Binge Drinking in the Ranks
May 11th, 2015
Binge drinking is often depicted as a new phenomenon, a bad habit only indulged in by today’s youth. However, letters in the Record Office show that it was a serious problem for the armed forces during the First World War. As Glynn discussed in his previous post, the Government decided to take action and introduced measures to control excessive drinking. The new laws reduced the legal opening hours for pubs and made it illegal to buy a drink for someone else. However, these laws didn’t seem to be making enough of a difference in Belper. Correspondence between George Strutt and other members of the community show that there was a serious drinking problem.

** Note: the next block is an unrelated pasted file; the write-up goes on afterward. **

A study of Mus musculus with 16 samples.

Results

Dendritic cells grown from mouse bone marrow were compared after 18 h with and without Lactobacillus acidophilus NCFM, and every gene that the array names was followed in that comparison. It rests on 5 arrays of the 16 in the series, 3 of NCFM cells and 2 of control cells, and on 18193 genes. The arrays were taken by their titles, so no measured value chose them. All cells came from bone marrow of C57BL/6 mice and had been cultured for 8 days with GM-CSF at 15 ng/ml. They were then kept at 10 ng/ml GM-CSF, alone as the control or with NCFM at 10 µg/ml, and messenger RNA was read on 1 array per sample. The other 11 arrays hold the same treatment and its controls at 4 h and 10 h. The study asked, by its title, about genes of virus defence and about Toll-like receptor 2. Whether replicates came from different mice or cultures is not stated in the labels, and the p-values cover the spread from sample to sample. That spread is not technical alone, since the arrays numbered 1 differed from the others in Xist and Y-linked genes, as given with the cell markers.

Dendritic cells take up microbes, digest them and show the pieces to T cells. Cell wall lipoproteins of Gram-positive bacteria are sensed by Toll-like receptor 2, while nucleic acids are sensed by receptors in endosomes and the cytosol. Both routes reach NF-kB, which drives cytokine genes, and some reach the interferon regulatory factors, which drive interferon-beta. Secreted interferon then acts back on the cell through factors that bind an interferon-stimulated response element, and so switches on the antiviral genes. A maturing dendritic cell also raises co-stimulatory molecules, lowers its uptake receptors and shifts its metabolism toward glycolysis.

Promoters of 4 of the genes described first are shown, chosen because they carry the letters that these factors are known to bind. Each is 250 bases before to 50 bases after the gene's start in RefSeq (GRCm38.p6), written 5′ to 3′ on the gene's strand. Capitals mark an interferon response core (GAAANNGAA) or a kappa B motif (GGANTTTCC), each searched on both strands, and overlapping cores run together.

‘There are eight officers at Bridgehill, they seem a very tidy lot. They told me they have had a hundred men sent to them by some other unit and that about half of these are a bad lot, and they expect trouble with them, one of them was drunk and violent before noon today’
March 6th 1915
The next day, there is a letter from George Strutt to Mr. Hunter, reporting an alcohol fueled brawl among the new soldiers.
‘I believe Dr. Allen had to be called in to some of them this morning, and it really is a disgrace. We don’t want Belper to get the name other places have got, both as regards to women and drink, and if the magistrates could close the publichouses, I am sure it would greatly mitigate matters.’
There is no evidence to suggest that the pubs ever were closed to deal with the problem and there are no other letters discussing it in the archive, it must have been a serious concern in order to petition for the closure of all the pubs!